What to know about trick riders and the magic behind trick riding
When you hear the word "tricks", what comes to mind? Evel Knievel riding a motorcycle, jumping over part of the Grand Canyon? Or maybe something like one of David Blaine's magic tricks? While both of these types of tricks are entertaining and exciting, the rodeo world has a different trick up its sleeve!Meet trick riding (not to be confused with rough stock riding). This goes beyond getting onto a bucking bronc or bull – instead, it involves men and women training and practicing tricks with their horses, allowing them to stand up or even hang off the side of their horse as they ride through the arena, sometimes at high speeds! As hard as it might be to imagine what trick riding look like, in this blog, we'll give you a breakdown of trick riding's early beginnings, how it's evolved and become an occasional part of our Kissimmee rodeo, and what tools trick riders use on their horses.
While trick riding may seem like a fun and exciting sport now, it didn't begin that way. Known as jigitovka in its mother tongue, the art originates from Turkic cultures of Caucasus and Central Asia, and the word describes a skillful and brave equestrian. Admiring the talent, Russian Cossacks learned how to trick ride and used it during battle, proving a formidable force against their enemies. However, when communism overtook Russia, the Cossacks fled the country to America and used their talent to earn money, becoming prominent figures in the entertainment community, particularly in the rodeo world.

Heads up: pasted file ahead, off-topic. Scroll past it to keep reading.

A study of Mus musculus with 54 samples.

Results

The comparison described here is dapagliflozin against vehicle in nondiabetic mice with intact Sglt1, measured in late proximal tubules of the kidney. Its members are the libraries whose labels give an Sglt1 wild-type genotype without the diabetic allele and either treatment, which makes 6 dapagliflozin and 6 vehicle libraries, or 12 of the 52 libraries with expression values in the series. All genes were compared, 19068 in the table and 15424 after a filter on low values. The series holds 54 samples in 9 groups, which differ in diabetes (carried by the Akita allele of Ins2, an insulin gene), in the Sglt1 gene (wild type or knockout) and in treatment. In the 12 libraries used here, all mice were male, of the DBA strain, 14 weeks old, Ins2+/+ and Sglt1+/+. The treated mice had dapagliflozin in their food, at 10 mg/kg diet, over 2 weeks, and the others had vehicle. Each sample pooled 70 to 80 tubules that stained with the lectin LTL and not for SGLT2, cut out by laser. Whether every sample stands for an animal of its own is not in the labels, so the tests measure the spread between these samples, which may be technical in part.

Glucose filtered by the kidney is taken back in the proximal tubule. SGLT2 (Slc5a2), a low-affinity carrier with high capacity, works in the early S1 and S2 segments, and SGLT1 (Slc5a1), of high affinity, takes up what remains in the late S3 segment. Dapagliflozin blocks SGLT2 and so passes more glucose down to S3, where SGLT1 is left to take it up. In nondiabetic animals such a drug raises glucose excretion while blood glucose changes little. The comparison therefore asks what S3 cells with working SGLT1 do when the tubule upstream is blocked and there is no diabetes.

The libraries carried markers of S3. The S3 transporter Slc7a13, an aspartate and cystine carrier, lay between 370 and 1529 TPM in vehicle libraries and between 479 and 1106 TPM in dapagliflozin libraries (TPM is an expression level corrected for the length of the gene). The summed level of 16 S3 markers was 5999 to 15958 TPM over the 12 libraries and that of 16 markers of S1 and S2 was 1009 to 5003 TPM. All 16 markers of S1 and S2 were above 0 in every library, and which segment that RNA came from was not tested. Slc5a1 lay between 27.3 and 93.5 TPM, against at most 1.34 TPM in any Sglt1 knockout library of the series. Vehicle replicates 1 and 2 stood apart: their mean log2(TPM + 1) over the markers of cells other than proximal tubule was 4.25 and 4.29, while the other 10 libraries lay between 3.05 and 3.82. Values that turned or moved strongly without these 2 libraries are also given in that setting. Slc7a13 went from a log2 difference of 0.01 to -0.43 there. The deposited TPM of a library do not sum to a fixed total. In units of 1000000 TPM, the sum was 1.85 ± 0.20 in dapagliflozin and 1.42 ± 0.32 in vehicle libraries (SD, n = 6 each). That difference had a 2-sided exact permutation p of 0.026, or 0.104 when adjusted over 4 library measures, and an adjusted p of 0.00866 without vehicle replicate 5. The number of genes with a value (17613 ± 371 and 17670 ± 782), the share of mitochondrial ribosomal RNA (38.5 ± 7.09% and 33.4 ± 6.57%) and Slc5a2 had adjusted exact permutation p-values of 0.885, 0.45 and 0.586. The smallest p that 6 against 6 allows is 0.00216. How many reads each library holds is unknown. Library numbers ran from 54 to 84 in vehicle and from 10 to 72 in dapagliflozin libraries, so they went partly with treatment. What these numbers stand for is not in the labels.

While the sport of rodeo was still being established, trick riding seemed to naturally fit into each rodeo performance. In the 1940s, trick riding evolved into a rodeo event, where tricks were scored on their difficulty, the rider's execution and outfit, and the horse's performance. However, with trick riders doing more daring and extreme tricks to earn money, rodeo producers deemed trick riding too dangerous for competition and many made it just a specialty act. (However, nowadays, there are a few trick riding competitions riders can compete in if they wish.)
When you watch a trick riding performance, you'll notice that it's just the trick rider and their horse (with a lot of trust and faith) during the performance. It's imperative that trick riders build a relationship with their horses to understand when one another is tired out, or what tricks might be too dangerous to perform. Some unique accessories on a trick rider's saddle that help them throughout their performance are:
Special handles that provide a better grip for the rider when they're hanging or moving around the horse.
Crouppers are put on the back of the saddle and allow riders to do hand holds or croupper vaults.
A hippodrome strap to help them backbend or to stand up on the saddle.
A breast collar goes around the horse's chest, which is attached to the saddle to secure their saddle on the horse and lessen the strain on the horse.
A suicide strap is located in front of the stirrups and allows trick riders to hang off the side of the horse.
So be careful mom and dad, while trick riding is very cool, your kids might want to change careers after watching them perform!